Break up to Make Up

The rock en español galaxy sputtered a collective gasp of disbelief in 1997 when Gustavo Cerati dissolved Soda Stereo. First an Argentine phenomenon, then the South American nation's finest non-soccer export, then–by the early '90s–one of the first Latin American rock bands to fascinate Anglo ears, the Cerati-led trio had, over the course of a decade, expertly guided Latin-alternative music in epic directions. Album after album introduced more and different instruments, chord progressions and philosophy-stretching lyrics to the genre; their 1995 release, Sueño Stereo, soared over U2-esque rancor with humanistic electronic touches and brazen hooks that every Latin-alternative group quickly copped. And Soda Stereo didn't limit their innovations to sound, either–other groups mercilessly ripped off the baroque aesthetic of the video for Sueño Stereo's first single, the Revolver-inspired (and awesomely named) "Ellá Usó Mi Cabeza Como un Revolver" ("She Used My Head Like a Revolver"), obsessed with the mini-matinee's tableaux of protagonists dressed as vortexes.

Soda Stereo maintained its status at the forefront of the Latin-alternative scene for several more years when American critics began embracing the genre (and the group) as music's most promising. Soda Stereo owned Latin America. Because of Soda Stereo, Latin American pop/rock groups no longer gazed longingly after the colossuses of the north (the United States) and across the pond (Great Britain) for musical inspiration; they now searched within and across their own continent. Guitars, synthesizers and drums no longer sufficed for Latinos, who followed the charge of Soda Stereo en masse to embrace electronic music as an ally rather than adversary.

And then, the deluge: Cerati ended Soda Stereo.

Rumors persist as to why Cerati destroyed the group–no one accepts that Cerati would throw away the world for the dangers of a solo career. But like Enrique Bunbury–head of seminal prog.-rock Spaniards Héroes de Silencio–Cerati was too restless and frustrated to continue the pioneering band. Who cares if he had forever changed Latin alternative? His intent was to change the planet.

That still-inexplicable breakup remains a mystery, however. Once free of the expectations that came with the group, Cerati went into a self-imposed sabbatical, constructed a studio in his Buenos Aires apartment, and recorded 1999's Bocanada. Rightfully, Bocanadawas an instant classic, an alternately optimistic and melancholic move toward bolder pop planes with each track. Even better was 2002's Once Episodios Sinfónicos (Eleven Symphonic Episodes), a sort of hybrid greatest hits/live album with the Buenos Aires Symphony, recorded on the cusp of the myriad problems that still plague Argentina.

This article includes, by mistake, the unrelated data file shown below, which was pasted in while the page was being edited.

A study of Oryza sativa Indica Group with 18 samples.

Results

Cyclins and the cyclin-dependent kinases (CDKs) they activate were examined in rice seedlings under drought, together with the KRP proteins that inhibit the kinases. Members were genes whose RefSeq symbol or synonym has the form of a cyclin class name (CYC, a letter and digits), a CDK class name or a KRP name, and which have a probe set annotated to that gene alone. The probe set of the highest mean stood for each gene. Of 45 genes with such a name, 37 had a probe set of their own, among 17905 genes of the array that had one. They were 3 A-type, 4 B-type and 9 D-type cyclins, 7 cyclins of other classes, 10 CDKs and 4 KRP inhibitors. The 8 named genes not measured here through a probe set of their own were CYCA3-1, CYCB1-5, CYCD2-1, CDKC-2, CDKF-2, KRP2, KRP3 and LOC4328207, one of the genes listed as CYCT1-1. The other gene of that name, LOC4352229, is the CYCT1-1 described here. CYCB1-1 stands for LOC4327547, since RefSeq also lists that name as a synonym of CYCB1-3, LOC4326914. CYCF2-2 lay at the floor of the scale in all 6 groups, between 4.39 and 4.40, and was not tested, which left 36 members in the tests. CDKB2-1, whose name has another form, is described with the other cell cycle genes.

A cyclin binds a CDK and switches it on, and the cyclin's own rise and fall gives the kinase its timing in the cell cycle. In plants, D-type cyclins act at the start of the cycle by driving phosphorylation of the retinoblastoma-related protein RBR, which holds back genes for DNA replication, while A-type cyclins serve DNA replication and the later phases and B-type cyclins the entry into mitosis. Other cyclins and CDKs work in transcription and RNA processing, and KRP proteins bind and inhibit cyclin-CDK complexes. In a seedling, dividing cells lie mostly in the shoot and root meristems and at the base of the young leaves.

Rock through an orchestral prism is a particularly pretentious musical approach, but Cerati not only made it work, but he also made it inspire–and rock. Bassoons and clarinets replaced organs, and restless violins were a great substitute for Cerati's guitar shards. Once Episodios was balm for the wounded Argentine soul, and Cerati even included favorite Soda Stereo songs–a past he rarely addresses during solo shows–such as "Persiana Americana" and the haunting "Millón de Años Luz" in a performance frequently drowned out by voracious audience applause.

And maybe that's the explanation for the breakup there. With such talent spilling out of every note, it's surprising he didn't break up Soda Stereo sooner. Cerati had revealed his individualistic spirit even while a member of the group, recording two excellent efforts, 1993's Colores Santos and the following year's Amor Amarillo. And these early attempts still manifest themselves in his concerts–mini-orchestral suites in which able backup bands follow Cerati's guitar cues through breathless treks in the electronic universe. Samples seep in, even a dose of harsh Smashing Pumpkins-at-their-height meanderings. Even better is Cerati's magnificent timbre, a resonating basso profundo capable of hitting comfortable high notes, the voice of some higher being shaking through speakers and into the minds of all.

So Cerati is once again at the front of the Latin alternative universe, even if many critics and fans lukewarmly received this year's Siempre es Hoy, complaining he reverted too much back to his more rocking Soda Stereo days rather than the unclassifiable beauties of his solo work. But maybe Cerati's on to something. Other artists are only starting to achieve the levels Soda Stereo once hit, let alone attempt to scale the heights Cerati hit. But when they finally do, Cerati will have moved on to other things–there are too many sonic challenges to conquer.